So you have climbed up the emotional staircase this far to have a personal identity. Considering your climb, you know who you are, what your gifts and talents are, what your goals and dreams are and where you are headed in life. By this age and stage, you have a plan and are well on your way to a successful career, satisfying relationships, mature spirituality as well as goal building and accomplishing.That is if you have been successful on the previous steps.
Of course, all this should have been accomplished by age 30, but if there has been little accomplishment in your life, or if there are steps that you leaped over, you are still fixable. You can go back to steps number one and identify what in your childhood might have actually set you up to not develop the necessary emotional steps for a healthy and successful life. How do you accomplish this?
There are at least two programs for personal recovery that can assist you in this process. The programs work best in a small group, but are still successful when done individually. What would help the person who cannot join a small group (Binding the Wounds or The Journey) is to have a friend or a counselor with whom you can share your recovery process.
So what is the step on which by now you should be standing? Those who have arrived there, are in their productive, working years, climbing the corporate ladder, enjoying an intimate relationship with a marital partner and feeling successful as you are enjoying life. It is during these years that friends are important, as well as family, and a relationship with God and a church family becomes valuable and vital. Couples are raising their children and enjoying watching the development and accomplishments of their offspring.
It is in these years that men and women are productive financially, earning an adequate amount to support their family and saving in order to help their children through college. As well as being currently happy and successful, these folk look forward to retirement and to providing nice things for their partners and children.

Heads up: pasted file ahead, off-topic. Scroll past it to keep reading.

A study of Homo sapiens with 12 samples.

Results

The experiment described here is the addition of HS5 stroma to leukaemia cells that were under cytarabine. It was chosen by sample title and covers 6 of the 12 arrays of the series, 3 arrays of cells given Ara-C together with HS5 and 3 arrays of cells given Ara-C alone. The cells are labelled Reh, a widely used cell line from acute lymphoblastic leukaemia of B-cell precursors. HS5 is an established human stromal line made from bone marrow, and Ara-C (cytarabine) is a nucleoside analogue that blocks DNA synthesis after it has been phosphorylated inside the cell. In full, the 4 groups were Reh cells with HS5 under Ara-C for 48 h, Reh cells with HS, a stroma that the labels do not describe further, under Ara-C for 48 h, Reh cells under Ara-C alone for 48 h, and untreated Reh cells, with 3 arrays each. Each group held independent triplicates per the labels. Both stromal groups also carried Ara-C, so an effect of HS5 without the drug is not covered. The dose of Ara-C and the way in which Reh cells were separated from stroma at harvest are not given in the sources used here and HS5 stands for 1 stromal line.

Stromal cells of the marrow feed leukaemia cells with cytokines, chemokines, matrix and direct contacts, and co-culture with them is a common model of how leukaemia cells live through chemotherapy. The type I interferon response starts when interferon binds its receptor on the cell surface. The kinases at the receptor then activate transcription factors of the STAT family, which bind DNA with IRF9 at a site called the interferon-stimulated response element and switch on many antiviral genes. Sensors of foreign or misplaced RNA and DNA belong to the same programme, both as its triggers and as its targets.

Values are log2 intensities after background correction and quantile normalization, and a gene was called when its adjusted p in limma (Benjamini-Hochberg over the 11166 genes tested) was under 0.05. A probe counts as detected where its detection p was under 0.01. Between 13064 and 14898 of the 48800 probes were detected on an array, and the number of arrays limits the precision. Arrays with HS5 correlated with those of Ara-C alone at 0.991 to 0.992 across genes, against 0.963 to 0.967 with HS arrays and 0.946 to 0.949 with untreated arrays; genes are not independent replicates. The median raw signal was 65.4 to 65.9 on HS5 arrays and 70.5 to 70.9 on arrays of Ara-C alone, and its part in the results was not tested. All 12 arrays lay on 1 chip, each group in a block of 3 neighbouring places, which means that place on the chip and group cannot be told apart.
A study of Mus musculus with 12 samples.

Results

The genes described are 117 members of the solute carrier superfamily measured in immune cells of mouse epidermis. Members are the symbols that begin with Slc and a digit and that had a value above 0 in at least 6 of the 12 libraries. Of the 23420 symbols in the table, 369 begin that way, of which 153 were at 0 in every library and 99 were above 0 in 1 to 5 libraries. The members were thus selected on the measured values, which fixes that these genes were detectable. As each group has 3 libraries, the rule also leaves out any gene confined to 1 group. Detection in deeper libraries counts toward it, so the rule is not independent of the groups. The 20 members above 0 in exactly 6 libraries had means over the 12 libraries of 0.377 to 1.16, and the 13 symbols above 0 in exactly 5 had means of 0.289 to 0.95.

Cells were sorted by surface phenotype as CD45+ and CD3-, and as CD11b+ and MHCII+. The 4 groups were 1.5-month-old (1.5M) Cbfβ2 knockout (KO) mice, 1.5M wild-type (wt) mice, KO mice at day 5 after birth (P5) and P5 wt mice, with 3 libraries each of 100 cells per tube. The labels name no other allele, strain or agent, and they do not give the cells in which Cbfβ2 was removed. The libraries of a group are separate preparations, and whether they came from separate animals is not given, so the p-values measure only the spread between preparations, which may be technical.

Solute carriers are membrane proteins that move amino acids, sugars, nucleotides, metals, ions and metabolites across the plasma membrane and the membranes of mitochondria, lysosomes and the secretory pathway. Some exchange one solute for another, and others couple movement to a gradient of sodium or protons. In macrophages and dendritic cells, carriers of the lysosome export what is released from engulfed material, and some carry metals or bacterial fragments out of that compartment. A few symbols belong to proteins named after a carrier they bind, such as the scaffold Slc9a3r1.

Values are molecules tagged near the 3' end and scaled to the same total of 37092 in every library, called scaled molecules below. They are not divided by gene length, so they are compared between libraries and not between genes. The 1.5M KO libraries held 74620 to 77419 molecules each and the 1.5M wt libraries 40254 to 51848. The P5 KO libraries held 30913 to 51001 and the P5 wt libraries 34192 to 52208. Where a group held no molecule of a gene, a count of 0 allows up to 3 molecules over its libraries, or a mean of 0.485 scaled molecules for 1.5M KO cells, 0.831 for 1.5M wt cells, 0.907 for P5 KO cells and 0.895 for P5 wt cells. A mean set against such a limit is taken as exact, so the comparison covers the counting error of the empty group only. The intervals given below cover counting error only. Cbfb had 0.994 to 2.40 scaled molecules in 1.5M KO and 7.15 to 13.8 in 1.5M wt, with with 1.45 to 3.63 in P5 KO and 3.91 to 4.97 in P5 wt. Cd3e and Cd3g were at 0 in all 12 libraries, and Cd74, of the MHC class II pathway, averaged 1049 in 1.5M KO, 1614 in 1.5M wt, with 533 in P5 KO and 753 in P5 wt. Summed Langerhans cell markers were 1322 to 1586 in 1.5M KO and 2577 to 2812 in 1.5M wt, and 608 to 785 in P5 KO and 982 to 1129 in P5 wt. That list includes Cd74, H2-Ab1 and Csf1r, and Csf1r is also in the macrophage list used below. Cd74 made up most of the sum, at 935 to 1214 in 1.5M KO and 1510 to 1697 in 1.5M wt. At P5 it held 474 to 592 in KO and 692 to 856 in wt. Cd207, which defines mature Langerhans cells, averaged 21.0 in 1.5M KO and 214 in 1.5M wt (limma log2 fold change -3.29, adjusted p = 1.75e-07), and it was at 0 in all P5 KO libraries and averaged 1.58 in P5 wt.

Those who are successful during this phase will feel that they are contributing to the world by being active in their home and community. Those who fail to attain this skill will feel unproductive and uninvolved in the world.
Care is the virtue achieved when this stage is handled successfully. Being proud of your accomplishments, watching your children grow into adults, and developing a sense of unity with your life partner are important accomplishments of this stage.
Does this mean that there are never bumps in the road along the way? Absolutely not! It may be that some sickness interrupts your productivity. It might even mean that for no fault of your own, you are layed off at work, or some business reversal finds you in difficult financial straits. It may be that the loss of a child or parent intrudes your smooth-sailing life, causing you emotional angst. How you handle these upsets is determined by how well you have accomplished the steps that led you to where you are now. Do these setbacks devastate you to the point where you cannot function, or are they hurtful occurrences that simply sideline you for a few hours, days or weeks? Is it fairly easy to get back onto your life as it was before the event?
It is said that our happiness is not so much determined by what experiences come to us, but by how we meet those experiences and respond to them. The mature individual may endure anger, sadness or disappointment for a while, but is able to figure out the appropriate response and react accordingly.
If you do not feel that your productive years are successful, give yourself the time to re-examine the years leading up to your current age and stage, and ask yourself if you need to back up and develop a step that may not have been adequately developed. The productive years last from age 30 to about age 65, so you need to be prepared to enjoy these 35 years, feeling productive and successful. When you do, you care for yourself, and you also have the ability to care for others.